Obesity is a serious concern in the UK and it’s predicted by the Government Office for Science’s Foresight that nine in ten adults will be either overweight or obese by 2050, without some form of intervention. The growing call for a sugar tax by health officials and MPs is a reflection of that need for decisive action.
Another growth market as such has been bariatric surgery, commonly known as weight loss surgery. Figures from the NHS show that publicly-funded procedures, from gastric bypasses to banding, is rising year on year with increasing numbers of men resorting to surgical intervention in the bid to lose weight.
However, losing the weight is only part of the journey as this recent story in the Daily Mail revealed. James Jordan shed a third of his body weight after undergoing a gastric bypass when the scales hit 30 stone, but he has been left with two stone of excess skin.
Why weight loss surgery isn’t always the solution
The skin contains two proteins important for its condition and structure – collagen provides strength and elastin is the substance that retracts the skin after it is pulled and stretched. Levels of these proteins deplete as you age, but extreme weight gain can also have an incredibly damaging impact on them, meaning that the skin cannot retract sufficiently once the underlying fat tissue has shrunk.
A common theme for patients after weight loss surgery is that the excess skin often leaves them as depressed and unhappy as they were with their previous appearance. In fact, James commented to the Daily Mail that the excess skin “is really frustrating – the skin is a constant reminder and it almost feels like I’m still the same size.”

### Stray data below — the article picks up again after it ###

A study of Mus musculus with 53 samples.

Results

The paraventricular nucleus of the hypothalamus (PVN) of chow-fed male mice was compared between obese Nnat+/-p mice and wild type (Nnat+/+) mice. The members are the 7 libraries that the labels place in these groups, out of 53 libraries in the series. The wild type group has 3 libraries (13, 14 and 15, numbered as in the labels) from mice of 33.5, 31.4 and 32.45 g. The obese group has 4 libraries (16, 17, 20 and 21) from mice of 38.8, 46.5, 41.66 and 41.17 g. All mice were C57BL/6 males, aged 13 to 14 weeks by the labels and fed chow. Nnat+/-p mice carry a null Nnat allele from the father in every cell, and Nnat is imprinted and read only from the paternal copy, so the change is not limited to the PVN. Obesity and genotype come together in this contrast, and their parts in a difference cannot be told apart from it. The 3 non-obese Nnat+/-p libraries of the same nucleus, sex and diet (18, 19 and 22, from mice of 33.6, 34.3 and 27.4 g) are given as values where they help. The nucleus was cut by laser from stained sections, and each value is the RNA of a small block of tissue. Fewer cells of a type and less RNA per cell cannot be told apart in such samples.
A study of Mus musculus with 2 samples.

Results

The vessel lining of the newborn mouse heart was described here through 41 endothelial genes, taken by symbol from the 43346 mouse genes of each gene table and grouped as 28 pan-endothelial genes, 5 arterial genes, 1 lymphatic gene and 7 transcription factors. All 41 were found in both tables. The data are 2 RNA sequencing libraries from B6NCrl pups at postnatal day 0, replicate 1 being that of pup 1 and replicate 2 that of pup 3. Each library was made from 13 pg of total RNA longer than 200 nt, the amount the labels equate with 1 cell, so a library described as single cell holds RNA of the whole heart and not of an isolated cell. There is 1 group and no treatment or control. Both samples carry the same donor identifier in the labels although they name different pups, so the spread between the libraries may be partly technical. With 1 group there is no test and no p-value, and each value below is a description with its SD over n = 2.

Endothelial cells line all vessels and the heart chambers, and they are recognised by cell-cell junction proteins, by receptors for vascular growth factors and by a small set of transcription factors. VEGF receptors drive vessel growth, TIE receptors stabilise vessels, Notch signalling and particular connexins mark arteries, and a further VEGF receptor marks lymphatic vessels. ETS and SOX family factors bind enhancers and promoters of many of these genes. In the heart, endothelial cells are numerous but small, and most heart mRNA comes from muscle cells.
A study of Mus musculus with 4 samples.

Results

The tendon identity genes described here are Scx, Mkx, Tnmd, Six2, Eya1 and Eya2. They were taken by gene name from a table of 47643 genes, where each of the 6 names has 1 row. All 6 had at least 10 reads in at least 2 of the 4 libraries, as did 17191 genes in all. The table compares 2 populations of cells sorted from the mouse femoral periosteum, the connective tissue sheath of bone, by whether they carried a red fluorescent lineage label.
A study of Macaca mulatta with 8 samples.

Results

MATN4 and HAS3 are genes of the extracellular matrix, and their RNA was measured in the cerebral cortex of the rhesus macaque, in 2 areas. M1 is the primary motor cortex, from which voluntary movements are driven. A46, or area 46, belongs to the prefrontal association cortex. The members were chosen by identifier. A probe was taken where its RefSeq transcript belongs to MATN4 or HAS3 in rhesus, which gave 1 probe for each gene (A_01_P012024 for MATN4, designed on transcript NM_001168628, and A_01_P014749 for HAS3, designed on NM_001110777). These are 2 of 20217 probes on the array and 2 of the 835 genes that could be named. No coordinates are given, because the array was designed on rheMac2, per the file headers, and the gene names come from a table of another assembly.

There can also be health considerations of excess skin; infections can proliferate in the folds, it can be tiring or physically painful to carry the weight round, prohibits what you can wear and it can obstruct ease of movement.
NICE, the National Institute of Health and Care Excellence, recommends bariatric surgery as an effective treatment for obesity, meaning that the NHS will fund these procedures once certain recommendations are followed, but body reshaping surgery such as a tummy tuck or an arm reduction are now far less readibly accessible on the NHS. Patients are often left with the option of having to live with the excess skin or undergo surgery privately.
Which body contouring procedures may I need after extreme weight loss?
A common problem area is the abdomen and a tummy tuck is a very popular procedure for those who have undergone weight loss surgery previously. An incision is made just above the pubic bone, stretching from hip to hip, and excess skin can be removed and the stomach muscles tightened. I will often combine a tummy tuck with a trunk reduction, extending the incision around the back, as this greatly improves the appearance of the torso.
Women often require a breast lift after losing large amounts of weight and this can be combined with a tummy tuck or trunk reduction in the same procedure as long as you are assessed as fit and well enough for surgery. Other procedures include arm reductions, thigh lifts and even buttock lifts. If you have any further questions about which body contouring procedures may be most appropriate for you, please call 01926 436341 to book a consultation at my Leamington cosmetic surgery clinic.